Let’s Get Literal – Don Quixote by Miguel de Cervantes

List Item: Read 100 of the greatest works of fiction
Progress: 32/100Title: Don Quixote
Author: Miguel de Cervantes
Year: 1605-1615
Country: Spain

It took me a month to finish both parts of Don Quixote. Seeing how I am now in the midst of weight loss (21 pounds down so far) I decided part way through to tackle this nearly 1000 page novel through the means of my first audiobook. That way I could go on long walks and still power through the crazy world of Don Quixote and his squire Sancho Panza.

For the uninitiated the plot of Don Quixote is remarkably simple. A well to do Castillian man loses his sanity after reading too many books on the history of chivalry and decides to become a knight errant by the name of Don Quixote (it would be like someone believing they are a superhero after consuming too many comic books). In this state he mortgages his estate and goes on a series of adventures with local farmer Sancho Panza acting as his squire (who, for whatever reason) believes that this will earn him the governorship of an island.

Many literary historians label Don Quixote as one of the earliest example of the modern novel. The fact that it engages in a glut of meta-fiction in the second part is somewhat amazing considering that this is well over 400 years old. By glut I mean there are actual chapters in the early sections of part two where Don Quixote and Sancho Panza discuss the in world novel of Don Quixote (some of this, rather interestingly, is related to consistencies in the first part that was published a decade earlier).

As much as this is a seed from which modern novels have grown from it still does not feel quite there yet. In essence, Don Quixote is more a collection of short stories (or adventures as Cervantes called it) that are connected by a framing narrative and the same characters.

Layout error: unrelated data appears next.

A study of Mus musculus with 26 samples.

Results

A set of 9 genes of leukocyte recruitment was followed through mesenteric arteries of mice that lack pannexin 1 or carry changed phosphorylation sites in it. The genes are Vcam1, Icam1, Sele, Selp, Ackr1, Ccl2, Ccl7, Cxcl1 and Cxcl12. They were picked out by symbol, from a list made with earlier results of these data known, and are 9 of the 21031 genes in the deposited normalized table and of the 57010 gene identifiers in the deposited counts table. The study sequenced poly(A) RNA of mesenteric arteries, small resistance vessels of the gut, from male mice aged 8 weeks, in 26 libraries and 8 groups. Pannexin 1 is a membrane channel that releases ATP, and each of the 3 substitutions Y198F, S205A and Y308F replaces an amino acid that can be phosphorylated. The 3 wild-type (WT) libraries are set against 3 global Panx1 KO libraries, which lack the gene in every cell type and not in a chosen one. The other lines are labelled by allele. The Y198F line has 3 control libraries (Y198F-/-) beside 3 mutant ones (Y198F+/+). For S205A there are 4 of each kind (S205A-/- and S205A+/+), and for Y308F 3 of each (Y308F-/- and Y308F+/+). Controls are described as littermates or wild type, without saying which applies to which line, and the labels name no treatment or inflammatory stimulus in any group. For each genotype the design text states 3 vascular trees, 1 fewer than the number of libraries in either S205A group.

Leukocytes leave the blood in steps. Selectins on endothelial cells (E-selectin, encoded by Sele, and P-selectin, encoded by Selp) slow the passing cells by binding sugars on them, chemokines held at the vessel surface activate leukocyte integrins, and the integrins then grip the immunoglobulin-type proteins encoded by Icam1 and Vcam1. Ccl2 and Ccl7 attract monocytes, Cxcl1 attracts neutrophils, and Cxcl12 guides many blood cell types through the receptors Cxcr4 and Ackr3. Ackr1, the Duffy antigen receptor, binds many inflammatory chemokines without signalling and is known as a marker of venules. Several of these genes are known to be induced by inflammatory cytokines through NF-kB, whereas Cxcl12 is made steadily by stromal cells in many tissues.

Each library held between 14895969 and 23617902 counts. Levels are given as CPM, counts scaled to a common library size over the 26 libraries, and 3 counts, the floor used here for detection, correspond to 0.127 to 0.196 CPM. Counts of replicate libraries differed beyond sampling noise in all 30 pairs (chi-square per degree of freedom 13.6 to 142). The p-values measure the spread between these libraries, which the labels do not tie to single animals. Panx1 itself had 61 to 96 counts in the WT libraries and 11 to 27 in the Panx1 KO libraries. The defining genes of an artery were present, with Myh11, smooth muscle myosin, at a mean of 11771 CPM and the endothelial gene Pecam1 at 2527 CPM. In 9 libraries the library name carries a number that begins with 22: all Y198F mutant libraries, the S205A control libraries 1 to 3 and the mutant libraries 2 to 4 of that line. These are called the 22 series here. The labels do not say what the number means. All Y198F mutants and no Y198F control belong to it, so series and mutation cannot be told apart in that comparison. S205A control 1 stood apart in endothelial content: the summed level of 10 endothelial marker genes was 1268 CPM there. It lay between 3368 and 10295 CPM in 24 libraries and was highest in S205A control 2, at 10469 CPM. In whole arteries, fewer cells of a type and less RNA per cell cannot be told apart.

There is a general decline in the fantastical nature of these adventures as the novel progresses too. In the beginning Don Quixote attacks windmills when he sees them as giants and envisages all inns as castles, but by the end of it he is being tricked by those who know of him and seek a quick laugh.

In a similar way, the novel also becomes less and less funny and, at the same time, becomes more and more self aware. It’s a weird balancing act that Cervantes chose to walk. I just feel that some editing could have made this book so much editor as the writer, much like his characters, has the tendency to ramble on a bit.

It’s actually quite hard to talk specifics about the ‘plot’ of Don Quixote because of its slightly disjointed nature. One thing I can say, however, is that a lot of the characters are jerks. I know that Don Quixote is mentally ill, but he is an absolute arse towards Sancho. I mean I understand that in his knight errant persona he is devoted to the (fictional) Dulcinea… but on very little evidence at all he just will not stop hassling Sancho to whip himself 3,300 times in order to reverse her enchantment (long story). Sancho does not want to whip himself, so Don Quixote’s first instinct is to threaten Sancho until he does it.

Sancho is no angel himself though. He is clearly the funny character, and made me chuckle on a number of occasions, but it is sometimes easy to read him as someone just taking advantage of Don Quixote to make a few hundred escudos out of him.

Obviously the biggest jerks are the Duke and Duchess from the second third of the second part. I’ll leave that there… but they are just the worst.

As a history lesson and as a lesson in which animals possess foresight and chastity (ants and elephants respectively) this has been an enlightening read. I would really recommend this as an audiobook as there are times where you can go pages without a paragraph break. Still, an interesting insight into literary history.